Wasp group stops at Rota on way home
NAVAL STATION ROTA, Spain — The amphibious assault ship USS Wasp and two other ships pulled into Rota on Tuesday for a brief port visit before wrapping up a seven-month deployment as part of the war on terrorism and heading home.
Standing aboard the deck of the Wasp, sailors and Marines watched and took photographs as tugboats pushed and pulled the 844-foot ship into its spot on pier 1. The ship has nearly 3,000 sailors and Marines anxious to get home to their friends and families.
Petty Officer 1st Class James Ratliff, 28, of Davie, Fla., is hoping to catch a soccer match while in southern Spain but is excited about going home and reuniting with his wife, who also is in Navy.
“It’s been a nice, smooth cruise,” he said. “Just long … . There’s been so much uncertainty with our schedule.”
The Wasp is carrying Marines with the Camp Lejeune, N.C.-based 22nd Marine Expeditionary Unit. The unit conducted combat operations from Kandahar, Afghanistan, helping to root out terrorists and Taliban fighters and provide security leading up to the country’s elections.
Marine Cpl. Seth Hackler, 23, a field radio operator from Springfield, Ill., said the most difficult part about serving in Afghanistan was the heat. Temperatures reached 118 degrees during the day in Kandahar.
The most obscure thing he missed most while he was in arid and dusty Afghanistan was green grass. He was amazed at the Afghan culture and how they are able to live on so much less than what Americans do.
“It was an eye-opener,” he said.
While the Marines were in Afghanistan, the Wasp group participated in ship and boat interdictions near the Horn of Africa and participated in maritime exercises.
This is Petty Officer 2nd Class Harry Basnight’s first sea tour. He said the cruise wasn’t as hard as he thought it was going to be when the group deployed in February. He said he learned a lot about himself.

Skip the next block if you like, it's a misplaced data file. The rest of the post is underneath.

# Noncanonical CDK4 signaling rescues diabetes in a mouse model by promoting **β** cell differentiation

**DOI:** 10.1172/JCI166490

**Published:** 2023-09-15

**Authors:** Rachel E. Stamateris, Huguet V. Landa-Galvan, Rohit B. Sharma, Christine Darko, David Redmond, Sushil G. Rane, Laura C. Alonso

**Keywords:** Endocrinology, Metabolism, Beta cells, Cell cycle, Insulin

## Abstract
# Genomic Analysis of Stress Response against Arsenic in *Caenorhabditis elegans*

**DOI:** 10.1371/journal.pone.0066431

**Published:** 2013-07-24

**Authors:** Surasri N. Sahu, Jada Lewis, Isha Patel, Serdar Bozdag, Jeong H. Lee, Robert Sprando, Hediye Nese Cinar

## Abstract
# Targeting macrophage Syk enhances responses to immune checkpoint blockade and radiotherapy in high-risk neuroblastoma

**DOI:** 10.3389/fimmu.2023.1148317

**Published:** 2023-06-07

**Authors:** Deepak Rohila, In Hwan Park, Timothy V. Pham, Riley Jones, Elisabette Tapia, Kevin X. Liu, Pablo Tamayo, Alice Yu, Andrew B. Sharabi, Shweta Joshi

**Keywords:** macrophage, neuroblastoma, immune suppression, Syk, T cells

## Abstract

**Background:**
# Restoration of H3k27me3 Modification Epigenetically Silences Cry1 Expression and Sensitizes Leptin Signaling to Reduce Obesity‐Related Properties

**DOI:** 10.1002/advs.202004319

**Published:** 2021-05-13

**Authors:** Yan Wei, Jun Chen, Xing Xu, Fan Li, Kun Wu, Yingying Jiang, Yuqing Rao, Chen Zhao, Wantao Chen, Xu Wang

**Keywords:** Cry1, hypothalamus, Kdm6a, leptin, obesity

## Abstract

“It helps you grow up,” said Basnight, 20, an information technician from Woodbridge, Va. “You’re really by yourself. You don’t have family members and close friends to run to. [It’s] a learning experience nonetheless.”
Although the group is near the end of its deployment, aerographer’s mate Seaman Jonathan McCall could be extremely busy on the journey across the Atlantic Ocean. He will be watching out for tropical storms and hurricanes brewing in the ship’s path. A nasty storm could delay the ship’s return.
“I’m not a popular guy when that happens,” he said.
Two other ships, the amphibious transport ship USS Shreveport and the dock landing ship USS Whidbey Island, are part of the Wasp expeditionary strike group. All three are based in Norfolk, Va.
The ships are part of an expeditionary strike group, which is a group of seven ships that can conduct a variety of missions. The strike group is based on the traditional Amphibious Ready Group.
The group is the first East Coast-based expeditionary strike group to deploy since the Navy came up with the concept.